Facts, figures and a whole lot of challenges
- Date: 25/05/2018
- In: East Africa
We’re only a small charity so it’s vital we make sure our resources are targeted to reach the children that need us most. This means that when we start new projects or work in new areas we have to do our research first.
Our East Africa teams are about to expand their work into six new cities across Tanzania so we have just carried out surveys to count how many children are living on the streets of each area. This is vital to us administratively. But going out to collect the data also gives us an insight into the lives of these children.
Our teams took to the streets of Dar es Salaam, Mbeya, Mwanza, Arusha, Dodoma and Iringa over four days and nights in June 2017.
First we had to select our teams. It goes without saying that everyone involved is fully checked, trained and authorised. But we also needed to mix up ages and backgrounds. It can be hard to tell whether older teenagers are working in the cities or living in ghettos there or just visiting to beg for a living. The best way to do this is by using youths that we’ve worked with before, who have experienced the streets themselves. Often they recognised the patterns of behaviour so were able to identify what the teenagers were doing or even knew them as individuals.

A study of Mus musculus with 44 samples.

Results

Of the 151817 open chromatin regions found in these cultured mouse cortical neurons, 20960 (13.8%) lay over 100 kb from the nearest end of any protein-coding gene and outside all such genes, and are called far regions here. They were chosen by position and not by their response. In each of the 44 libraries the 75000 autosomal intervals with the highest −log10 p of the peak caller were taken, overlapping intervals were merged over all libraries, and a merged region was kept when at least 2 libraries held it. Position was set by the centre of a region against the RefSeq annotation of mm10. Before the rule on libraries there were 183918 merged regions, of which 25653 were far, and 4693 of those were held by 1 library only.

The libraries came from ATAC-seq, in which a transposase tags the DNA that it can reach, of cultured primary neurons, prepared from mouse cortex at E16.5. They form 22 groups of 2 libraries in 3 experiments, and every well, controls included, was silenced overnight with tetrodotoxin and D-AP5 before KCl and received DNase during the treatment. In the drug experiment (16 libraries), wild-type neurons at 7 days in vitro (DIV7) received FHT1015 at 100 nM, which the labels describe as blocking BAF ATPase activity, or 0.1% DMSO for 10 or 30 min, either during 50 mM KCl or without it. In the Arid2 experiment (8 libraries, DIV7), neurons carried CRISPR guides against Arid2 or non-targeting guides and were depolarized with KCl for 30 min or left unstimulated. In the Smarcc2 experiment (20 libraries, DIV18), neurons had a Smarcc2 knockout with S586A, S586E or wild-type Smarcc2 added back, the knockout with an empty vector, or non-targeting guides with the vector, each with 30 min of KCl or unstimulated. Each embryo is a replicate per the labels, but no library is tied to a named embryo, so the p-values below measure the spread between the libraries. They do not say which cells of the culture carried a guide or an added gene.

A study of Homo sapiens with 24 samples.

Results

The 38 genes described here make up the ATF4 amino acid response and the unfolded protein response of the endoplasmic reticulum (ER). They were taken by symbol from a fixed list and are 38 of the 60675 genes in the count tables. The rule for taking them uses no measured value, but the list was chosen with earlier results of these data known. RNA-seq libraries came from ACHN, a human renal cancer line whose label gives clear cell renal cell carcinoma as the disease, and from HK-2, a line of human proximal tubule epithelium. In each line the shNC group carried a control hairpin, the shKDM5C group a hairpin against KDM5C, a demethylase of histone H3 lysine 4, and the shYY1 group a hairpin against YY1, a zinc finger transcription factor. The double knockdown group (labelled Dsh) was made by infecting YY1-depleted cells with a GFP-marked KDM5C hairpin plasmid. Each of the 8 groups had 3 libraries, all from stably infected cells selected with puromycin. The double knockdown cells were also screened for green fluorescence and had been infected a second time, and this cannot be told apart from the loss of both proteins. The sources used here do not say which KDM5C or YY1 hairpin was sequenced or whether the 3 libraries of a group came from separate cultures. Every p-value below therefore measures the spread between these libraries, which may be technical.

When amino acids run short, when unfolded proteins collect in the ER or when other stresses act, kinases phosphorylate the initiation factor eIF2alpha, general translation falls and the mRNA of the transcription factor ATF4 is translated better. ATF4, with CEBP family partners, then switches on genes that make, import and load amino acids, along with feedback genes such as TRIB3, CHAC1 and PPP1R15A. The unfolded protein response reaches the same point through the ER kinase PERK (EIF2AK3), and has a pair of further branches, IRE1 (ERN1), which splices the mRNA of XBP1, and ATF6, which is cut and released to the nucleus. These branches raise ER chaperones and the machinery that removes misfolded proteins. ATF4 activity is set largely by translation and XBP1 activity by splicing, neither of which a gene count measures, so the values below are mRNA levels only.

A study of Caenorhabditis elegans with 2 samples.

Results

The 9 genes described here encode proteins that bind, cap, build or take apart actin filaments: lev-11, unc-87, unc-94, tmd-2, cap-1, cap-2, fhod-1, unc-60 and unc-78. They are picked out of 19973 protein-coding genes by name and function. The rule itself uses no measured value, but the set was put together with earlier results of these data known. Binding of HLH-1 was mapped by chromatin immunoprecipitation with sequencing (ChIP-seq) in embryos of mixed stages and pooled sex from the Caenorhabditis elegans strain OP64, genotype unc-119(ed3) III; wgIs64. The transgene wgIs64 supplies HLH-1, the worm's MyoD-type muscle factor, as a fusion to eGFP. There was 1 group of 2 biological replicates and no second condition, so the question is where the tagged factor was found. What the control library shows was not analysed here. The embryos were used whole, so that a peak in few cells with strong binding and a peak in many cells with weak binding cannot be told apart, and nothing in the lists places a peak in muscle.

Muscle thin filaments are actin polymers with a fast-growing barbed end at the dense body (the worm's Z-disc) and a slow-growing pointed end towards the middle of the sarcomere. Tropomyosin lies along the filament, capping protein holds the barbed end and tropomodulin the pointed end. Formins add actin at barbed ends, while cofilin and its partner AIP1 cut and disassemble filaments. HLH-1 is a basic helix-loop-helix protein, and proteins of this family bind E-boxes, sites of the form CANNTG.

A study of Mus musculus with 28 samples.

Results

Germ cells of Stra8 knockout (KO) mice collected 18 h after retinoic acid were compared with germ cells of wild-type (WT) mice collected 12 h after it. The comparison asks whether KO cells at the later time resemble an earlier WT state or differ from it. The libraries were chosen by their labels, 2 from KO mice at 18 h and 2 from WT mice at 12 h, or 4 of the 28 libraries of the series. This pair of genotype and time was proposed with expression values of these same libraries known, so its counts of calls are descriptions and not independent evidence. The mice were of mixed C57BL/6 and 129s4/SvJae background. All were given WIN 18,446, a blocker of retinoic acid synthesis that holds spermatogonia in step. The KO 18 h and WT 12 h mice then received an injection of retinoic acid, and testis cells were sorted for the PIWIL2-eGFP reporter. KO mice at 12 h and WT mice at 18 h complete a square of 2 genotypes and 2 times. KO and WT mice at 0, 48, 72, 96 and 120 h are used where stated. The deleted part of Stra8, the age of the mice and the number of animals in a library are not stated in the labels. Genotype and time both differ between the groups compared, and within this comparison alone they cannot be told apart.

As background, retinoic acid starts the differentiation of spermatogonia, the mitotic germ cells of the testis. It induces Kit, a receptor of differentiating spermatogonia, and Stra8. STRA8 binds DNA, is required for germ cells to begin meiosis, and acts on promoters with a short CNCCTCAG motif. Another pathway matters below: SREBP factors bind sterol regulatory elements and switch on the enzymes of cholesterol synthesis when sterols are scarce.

What we wore was also important. Despite many of our counters being from official organisations we knew that uniforms were not a good idea. Children on the streets live in fear of authority figures who regularly round them up and even beat them and 28 per cent of the children counted were under 14.
We had to access some difficult locations too. In Mwanza, many of the children felt safest in the graveyard, camping in and around the tombstones and memorials they could hide behind. In Dar es Salaam a collection of empty boats on the shore gave shelter to groups of boys who climbed inside at night.
The weather also made our job harder. One day and night was particularly rainy so the children moved from their usual places looking for shelter. Many were huddled under a bridge to keep dry, but it was much harder for us to see how many of them there were. When it was cold this was even more difficult. The children use whatever they can to keep warm, often wrapping themselves in plastic bags and bundles of cardboard.
We found our four days on the streets doing the survey a challenge. But it was nothing compared to having to live in those conditions day in day out. We can only hope that this head count gives us the information we need to get help to the children who need it most.